Seanad abolition and Dáil reform
It must have seemed a good idea at the time: abolish the Seanad as part of a political reform programme. It would reduce costs, deflect attention from the role played by the Dáil and appease an angry electorate. Now, with a network of complex interests campaigning against the Government’s referendum, it has the potential to provide the Fine Gael party with the makings of a slow-motion crash.
It’s all about timing. If the referendum on October 4th goes down, it will damage Government morale; raise questions about the judgment of Enda Kenny and increase the prospect of disaffected elements splitting away from Fine Gael. Defeat would bring gloom to the party’s ardfheis, arranged for the following weekend. Instead of the expected, celebratory knees-up, dissidents could seek support arising from disciplinary action taken against them for their stand on abortion and present alternative approaches to the Budget of October 15th.
Of course, it may not happen like that. Opinion polls that offer the prospect of a referendum defeat, generate their majorities by combining would-be reformists with anti-abolitionists. There is, however, no place for reformists on the ballot paper. People will only be asked if they are for or against abolition. That raises the question: will reformists respond to this lack of choice by turning on the Government? It would represent a dramatic shift. One-third of the electorate have no opinion on the referendum. Of those that do, less than ten per cent favour retention of the Seanad in its present form.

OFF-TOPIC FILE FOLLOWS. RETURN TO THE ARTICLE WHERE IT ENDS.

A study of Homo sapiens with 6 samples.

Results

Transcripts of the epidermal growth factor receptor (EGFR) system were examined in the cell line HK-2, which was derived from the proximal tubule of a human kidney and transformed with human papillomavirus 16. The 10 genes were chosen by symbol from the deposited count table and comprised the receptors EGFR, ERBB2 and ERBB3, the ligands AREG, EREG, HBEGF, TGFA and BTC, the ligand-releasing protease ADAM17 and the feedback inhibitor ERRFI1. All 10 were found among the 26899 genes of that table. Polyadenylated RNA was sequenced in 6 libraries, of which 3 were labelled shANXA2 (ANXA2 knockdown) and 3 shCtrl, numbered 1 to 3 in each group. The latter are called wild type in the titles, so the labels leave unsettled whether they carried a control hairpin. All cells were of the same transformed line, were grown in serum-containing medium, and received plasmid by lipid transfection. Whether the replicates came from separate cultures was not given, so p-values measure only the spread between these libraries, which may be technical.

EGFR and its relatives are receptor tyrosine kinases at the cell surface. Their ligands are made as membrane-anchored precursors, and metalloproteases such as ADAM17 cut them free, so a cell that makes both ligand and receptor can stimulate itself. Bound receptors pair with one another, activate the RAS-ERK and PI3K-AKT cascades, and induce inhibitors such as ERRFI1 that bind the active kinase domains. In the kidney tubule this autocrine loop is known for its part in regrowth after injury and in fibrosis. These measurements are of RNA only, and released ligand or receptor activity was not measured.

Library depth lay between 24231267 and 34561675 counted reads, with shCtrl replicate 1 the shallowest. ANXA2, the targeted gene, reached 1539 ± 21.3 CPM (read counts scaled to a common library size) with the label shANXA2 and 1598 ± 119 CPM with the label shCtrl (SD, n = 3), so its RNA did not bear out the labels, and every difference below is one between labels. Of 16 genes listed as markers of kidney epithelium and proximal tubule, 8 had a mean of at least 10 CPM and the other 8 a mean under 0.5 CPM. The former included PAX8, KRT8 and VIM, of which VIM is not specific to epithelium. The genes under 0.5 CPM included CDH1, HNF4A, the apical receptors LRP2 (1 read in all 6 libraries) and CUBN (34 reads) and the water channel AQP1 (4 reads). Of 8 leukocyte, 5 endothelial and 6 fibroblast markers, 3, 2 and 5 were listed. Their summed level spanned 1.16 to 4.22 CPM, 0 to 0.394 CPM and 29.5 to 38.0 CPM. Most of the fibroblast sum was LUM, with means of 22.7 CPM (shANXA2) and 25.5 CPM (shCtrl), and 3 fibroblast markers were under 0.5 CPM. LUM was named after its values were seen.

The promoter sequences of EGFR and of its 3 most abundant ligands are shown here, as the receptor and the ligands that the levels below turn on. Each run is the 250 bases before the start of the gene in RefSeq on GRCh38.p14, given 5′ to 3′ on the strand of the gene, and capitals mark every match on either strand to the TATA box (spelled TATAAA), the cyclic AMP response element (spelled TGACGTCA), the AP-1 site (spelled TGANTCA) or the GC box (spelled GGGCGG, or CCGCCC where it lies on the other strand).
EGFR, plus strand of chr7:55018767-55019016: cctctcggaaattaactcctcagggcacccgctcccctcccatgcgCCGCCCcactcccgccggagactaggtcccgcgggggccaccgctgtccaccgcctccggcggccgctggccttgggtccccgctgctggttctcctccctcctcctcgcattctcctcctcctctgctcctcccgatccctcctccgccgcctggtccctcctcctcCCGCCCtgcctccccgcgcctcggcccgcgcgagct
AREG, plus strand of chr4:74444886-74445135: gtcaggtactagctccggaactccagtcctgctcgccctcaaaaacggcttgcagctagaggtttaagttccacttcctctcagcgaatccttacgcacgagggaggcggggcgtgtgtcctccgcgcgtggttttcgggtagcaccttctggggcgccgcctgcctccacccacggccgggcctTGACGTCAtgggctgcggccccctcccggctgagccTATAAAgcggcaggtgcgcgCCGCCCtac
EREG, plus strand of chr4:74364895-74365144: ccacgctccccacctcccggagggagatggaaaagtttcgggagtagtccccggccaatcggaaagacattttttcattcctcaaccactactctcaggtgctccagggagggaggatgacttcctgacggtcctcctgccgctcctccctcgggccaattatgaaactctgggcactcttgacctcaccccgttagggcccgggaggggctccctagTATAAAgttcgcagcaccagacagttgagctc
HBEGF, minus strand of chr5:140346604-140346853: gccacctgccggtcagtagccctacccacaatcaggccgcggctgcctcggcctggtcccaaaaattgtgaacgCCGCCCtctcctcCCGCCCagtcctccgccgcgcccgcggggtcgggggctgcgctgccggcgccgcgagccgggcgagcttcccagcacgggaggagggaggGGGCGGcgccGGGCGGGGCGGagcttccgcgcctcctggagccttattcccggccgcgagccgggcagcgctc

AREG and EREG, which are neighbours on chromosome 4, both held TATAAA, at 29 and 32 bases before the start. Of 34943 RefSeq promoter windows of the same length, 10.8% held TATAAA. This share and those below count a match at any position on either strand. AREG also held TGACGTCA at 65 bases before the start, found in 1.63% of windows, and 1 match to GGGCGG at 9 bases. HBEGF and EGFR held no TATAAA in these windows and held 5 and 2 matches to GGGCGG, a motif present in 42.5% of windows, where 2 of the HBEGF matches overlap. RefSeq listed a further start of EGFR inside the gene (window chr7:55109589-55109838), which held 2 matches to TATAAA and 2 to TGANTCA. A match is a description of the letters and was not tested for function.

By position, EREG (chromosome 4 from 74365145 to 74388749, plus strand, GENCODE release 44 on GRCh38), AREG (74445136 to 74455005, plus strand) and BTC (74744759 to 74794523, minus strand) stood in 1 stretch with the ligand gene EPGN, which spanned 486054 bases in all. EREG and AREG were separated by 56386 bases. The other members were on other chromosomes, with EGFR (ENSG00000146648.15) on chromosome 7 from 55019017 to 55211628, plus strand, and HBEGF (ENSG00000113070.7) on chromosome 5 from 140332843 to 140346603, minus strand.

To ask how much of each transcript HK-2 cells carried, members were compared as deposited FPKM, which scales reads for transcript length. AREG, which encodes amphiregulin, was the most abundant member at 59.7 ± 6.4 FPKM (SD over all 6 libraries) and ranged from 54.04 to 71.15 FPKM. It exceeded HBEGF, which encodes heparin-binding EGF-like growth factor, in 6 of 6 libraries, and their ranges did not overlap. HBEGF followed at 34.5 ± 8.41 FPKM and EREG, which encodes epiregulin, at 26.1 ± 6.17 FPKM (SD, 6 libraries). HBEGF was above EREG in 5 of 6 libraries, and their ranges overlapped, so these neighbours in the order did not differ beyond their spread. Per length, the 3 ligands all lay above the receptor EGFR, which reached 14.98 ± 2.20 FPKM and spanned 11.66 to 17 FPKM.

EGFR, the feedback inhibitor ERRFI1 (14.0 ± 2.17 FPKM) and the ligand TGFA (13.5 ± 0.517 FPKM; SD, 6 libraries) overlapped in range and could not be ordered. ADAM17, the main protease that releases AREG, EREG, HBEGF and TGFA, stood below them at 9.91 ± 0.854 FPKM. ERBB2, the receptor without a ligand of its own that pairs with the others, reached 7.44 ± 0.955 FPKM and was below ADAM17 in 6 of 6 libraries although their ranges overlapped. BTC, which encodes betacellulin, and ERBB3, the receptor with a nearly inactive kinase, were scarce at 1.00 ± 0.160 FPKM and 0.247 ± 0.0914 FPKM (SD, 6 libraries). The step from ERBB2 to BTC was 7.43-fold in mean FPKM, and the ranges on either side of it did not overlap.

The outcome will be influenced by Sinn Féin. Of the main parties, it seems to be the only one with fire in its belly. It has altered its stance and will campaign for abolition. Government parties have not engaged with the public. Most senators are opposed to dissolution while their Dáil colleagues are reluctant to offend them. Fine Gael, beset by such pressures, has organised a few events to promote its posters and explain why abolition would be a good thing. The Labour Party, equally divided, has not even done that. Fianna Fáil has formally opposed abolition but, as Micheál Martin admits: the referendum is less about the Senate and more about the reform of political structures.
Such anaemic posturing has drawn attention to Executive dominance. Government parties have never wanted a challenging, effective Seanad. They still don’t. It has performed as an occasional pressure valve on social issues. But its main function was as a crèche/nursing home for aspiring and rejected TDs. Beyond that, its composition and electoral system contributed to a debilitating system of patronage. For the referendum to have meaning, the Government will have to convince the electorate it is willing to answer to the Dáil and grant it the kind of legislative and oversight functions envisaged by the Constitution.